The bottom line is, if you do something that causes a probation violation in a DUI case, you're going to get punished by the judge who initially sentenced you in your case.
That punishment will depend on what the violation relates to. If you get a new DUI, that would be a severe violation of your probation, and you'd probably be looking at a jail sentence.
If, on the other hand, you just missed one of your classes or were kicked out of your alcohol program and need to re-enroll, that would still be serious but nowhere near as serious — and you could probably avoid jail time, especially if that were your first offense.
Types of DUI Probation Violations
When it comes to DUI cases, there's what I would consider both internal and external probation violations. What that means is, an internal violation has to do with either not doing something the court ordered you to do or messing something up within the terms and conditions of your probation that were imposed against you at the time of your sentencing.
An external violation involves doing something outside of your probation and, for example, picking up a new criminal case. All probation cases have a term and condition of probation that the person has to obey all laws.
So technically, picking up any new criminal case or violating any law would violate your probation, subject you to jail time and other punishments.
Suppose you have a probation violation in a DUI case. In that case, you need to either use the attorney that initially represented you in your case or get another attorney to represent you and go in there.
Then, explain why you violated your DUI probation and try to get you another chance, try to avoid jail time, and avoid some severe penalty that will impact your ability to work or move or ability to drive.
Probation Violation Hearing
So, the best thing to do if you have a probation violation is to get all of your paperwork in order. Talk to your attorney about it. Come up with a game plan on exactly how you're going to deal with the probation violation.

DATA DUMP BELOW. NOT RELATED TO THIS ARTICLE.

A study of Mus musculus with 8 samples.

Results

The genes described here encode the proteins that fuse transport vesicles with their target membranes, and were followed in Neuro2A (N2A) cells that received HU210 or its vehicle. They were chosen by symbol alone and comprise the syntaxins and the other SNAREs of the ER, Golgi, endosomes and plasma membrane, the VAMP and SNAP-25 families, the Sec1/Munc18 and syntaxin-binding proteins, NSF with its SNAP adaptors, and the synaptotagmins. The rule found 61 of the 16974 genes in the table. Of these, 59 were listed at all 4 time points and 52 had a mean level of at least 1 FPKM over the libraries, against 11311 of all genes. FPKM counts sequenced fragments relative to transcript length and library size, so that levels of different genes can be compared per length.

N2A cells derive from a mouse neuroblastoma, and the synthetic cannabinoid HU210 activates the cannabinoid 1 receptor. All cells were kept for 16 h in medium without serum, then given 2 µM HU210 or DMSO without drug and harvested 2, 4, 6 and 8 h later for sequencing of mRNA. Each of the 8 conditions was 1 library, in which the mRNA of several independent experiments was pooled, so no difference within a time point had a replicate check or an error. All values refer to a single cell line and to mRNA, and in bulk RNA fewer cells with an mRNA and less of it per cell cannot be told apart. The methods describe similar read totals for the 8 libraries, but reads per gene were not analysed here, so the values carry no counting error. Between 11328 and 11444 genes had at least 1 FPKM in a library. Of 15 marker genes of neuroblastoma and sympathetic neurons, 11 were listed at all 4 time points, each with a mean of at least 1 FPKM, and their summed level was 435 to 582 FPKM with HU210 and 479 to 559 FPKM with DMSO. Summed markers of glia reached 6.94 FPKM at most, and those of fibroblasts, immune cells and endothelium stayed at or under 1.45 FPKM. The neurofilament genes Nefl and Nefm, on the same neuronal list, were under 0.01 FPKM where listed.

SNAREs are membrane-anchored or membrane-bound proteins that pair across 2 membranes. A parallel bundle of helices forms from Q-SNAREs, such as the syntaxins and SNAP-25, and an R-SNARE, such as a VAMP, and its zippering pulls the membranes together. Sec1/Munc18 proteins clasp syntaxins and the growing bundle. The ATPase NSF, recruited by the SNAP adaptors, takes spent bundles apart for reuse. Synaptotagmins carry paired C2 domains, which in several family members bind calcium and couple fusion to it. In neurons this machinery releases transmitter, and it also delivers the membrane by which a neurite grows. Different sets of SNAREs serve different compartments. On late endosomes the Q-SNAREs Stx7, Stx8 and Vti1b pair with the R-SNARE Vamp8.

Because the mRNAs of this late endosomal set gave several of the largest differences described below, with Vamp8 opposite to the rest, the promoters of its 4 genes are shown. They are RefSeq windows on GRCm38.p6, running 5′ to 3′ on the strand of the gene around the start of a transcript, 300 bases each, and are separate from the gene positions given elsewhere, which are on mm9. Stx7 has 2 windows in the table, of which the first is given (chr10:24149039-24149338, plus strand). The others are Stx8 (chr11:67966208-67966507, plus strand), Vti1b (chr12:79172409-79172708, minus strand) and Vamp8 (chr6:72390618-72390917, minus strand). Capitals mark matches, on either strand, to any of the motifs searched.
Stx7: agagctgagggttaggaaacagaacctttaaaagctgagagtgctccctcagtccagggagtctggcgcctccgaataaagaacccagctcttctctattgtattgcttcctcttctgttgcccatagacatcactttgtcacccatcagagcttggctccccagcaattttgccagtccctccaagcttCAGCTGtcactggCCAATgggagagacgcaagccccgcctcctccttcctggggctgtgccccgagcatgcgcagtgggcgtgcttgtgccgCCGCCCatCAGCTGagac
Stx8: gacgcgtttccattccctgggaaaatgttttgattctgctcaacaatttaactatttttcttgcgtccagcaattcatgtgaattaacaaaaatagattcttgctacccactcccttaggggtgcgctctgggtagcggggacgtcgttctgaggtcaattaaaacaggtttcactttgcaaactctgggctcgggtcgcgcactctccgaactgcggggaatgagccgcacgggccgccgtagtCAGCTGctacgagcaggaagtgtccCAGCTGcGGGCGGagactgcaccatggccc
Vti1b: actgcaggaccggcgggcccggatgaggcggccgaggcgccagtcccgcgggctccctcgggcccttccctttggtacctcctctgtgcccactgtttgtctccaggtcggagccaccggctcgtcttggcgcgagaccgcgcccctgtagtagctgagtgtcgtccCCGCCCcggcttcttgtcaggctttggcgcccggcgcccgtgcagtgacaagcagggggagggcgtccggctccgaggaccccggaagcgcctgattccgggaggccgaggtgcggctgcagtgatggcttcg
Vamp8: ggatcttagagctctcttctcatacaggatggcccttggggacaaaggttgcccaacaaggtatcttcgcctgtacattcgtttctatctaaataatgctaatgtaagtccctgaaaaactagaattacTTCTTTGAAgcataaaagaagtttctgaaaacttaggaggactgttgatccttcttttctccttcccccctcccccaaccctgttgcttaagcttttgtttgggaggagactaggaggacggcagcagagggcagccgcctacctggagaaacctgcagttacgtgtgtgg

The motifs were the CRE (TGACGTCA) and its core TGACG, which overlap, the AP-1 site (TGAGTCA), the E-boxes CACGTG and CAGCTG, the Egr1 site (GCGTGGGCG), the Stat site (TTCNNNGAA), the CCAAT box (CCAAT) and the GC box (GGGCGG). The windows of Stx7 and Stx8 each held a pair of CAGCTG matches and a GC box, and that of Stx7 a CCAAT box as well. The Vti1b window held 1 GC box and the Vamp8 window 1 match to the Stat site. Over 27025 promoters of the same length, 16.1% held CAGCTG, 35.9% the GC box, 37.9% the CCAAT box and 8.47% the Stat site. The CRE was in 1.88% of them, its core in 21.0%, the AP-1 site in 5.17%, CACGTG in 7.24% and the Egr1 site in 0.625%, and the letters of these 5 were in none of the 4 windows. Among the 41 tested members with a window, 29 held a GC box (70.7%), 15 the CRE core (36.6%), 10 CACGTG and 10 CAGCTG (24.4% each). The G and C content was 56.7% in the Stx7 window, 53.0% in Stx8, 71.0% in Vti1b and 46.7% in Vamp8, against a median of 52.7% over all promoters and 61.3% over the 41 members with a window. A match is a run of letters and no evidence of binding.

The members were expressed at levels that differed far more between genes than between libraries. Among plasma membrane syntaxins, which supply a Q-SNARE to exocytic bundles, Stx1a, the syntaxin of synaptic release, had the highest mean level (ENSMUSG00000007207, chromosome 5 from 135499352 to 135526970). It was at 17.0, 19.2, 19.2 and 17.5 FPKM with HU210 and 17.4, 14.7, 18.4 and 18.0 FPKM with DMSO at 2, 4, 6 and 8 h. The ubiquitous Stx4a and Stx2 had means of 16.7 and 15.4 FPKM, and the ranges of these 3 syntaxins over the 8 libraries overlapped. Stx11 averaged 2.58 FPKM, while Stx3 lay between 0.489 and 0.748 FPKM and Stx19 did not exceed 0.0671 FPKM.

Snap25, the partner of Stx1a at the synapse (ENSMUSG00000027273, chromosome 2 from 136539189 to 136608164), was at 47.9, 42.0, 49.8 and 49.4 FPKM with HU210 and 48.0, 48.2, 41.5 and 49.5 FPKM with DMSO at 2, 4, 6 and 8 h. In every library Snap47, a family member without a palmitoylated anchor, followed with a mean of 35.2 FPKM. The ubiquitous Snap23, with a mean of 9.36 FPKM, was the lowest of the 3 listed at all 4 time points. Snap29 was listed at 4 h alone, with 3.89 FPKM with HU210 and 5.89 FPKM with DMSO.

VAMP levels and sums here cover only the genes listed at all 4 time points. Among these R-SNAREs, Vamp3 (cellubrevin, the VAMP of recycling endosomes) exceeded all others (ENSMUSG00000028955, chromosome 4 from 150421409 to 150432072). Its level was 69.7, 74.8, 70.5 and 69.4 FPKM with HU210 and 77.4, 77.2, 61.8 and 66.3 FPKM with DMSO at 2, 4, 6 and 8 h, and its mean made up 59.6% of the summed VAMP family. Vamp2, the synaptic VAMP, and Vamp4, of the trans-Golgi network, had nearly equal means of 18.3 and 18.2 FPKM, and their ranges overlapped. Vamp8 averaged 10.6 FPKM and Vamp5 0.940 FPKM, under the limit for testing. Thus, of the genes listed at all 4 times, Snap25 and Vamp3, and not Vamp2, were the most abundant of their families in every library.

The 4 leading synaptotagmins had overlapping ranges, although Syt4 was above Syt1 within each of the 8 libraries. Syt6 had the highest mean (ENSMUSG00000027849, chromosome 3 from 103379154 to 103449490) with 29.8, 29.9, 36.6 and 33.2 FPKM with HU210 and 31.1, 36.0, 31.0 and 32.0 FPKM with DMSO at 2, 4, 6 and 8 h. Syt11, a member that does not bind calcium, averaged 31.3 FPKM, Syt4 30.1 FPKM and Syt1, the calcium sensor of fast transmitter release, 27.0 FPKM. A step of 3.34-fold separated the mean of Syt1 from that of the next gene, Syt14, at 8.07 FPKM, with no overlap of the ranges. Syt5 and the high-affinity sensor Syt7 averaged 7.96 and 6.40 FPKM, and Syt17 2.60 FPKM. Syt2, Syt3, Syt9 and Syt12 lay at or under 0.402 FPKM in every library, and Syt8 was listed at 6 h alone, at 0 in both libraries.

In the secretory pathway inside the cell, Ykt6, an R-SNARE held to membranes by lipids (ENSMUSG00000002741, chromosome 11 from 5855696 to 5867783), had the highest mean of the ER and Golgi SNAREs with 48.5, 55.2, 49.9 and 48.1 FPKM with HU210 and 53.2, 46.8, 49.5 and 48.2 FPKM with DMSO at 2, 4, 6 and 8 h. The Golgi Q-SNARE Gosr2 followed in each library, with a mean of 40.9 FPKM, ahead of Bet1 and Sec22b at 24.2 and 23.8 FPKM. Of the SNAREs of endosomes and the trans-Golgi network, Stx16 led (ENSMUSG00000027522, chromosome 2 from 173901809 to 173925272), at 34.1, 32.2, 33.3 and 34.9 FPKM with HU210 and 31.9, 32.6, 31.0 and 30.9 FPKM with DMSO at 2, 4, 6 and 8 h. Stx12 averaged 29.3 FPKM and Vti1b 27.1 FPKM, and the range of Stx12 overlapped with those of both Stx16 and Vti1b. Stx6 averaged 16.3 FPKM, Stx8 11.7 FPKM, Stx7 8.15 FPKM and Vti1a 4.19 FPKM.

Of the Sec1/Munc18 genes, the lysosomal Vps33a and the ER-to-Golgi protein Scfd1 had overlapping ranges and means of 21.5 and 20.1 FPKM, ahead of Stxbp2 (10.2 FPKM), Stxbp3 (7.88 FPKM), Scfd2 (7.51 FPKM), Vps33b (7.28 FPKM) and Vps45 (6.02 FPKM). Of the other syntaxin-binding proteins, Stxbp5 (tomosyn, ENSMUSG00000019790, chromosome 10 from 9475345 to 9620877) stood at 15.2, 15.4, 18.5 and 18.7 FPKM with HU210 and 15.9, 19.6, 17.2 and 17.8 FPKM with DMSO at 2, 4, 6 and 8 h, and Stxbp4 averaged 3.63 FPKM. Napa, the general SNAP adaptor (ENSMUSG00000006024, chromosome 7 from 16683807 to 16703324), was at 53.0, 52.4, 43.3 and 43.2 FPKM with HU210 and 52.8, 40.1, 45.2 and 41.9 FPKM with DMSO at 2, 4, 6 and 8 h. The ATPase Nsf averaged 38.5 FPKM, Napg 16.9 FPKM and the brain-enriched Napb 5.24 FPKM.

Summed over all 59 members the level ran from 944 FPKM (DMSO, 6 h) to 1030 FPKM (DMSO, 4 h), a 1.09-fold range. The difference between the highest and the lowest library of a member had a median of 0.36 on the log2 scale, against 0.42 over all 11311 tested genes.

What arguments can be made and then let your attorney go in there and talk to the judge and the prosecutor. Often, in these probation violations in DUI cases, what the prosecutor says carries a lot of weight with the judge.
So, if your attorney can convince the prosecutor — which I do all the time — not to argue for jail, there's a good chance you won't get jail on the case, even though it's ultimately up to the judge.
If it's handled the right way, the prosecutor is not arguing for jail; you have a reasonable attorney, you have a good rationale and reason why you violated your probation, then you can end up with a successful result.
Also, you can get what's called a probation violation hearing where evidence can be put on, and you can try to defend your probation violation. You would use your attorney to do that, and you would only do it if it would be in your best interest and if you had an excellent chance to either win or show the judge the mitigating circumstances to avoid a harsh penalty.
Hedding Law Firm is a criminal defense firm located in the San Fernando Valley area of Los Angeles County at 16000 Ventura Blvd #1208 Encino, CA 91436. We are also located at 633 West Fifth Street Los Angeles, CA 90071. Contact us for a free case evaluation at (213) 542-0963.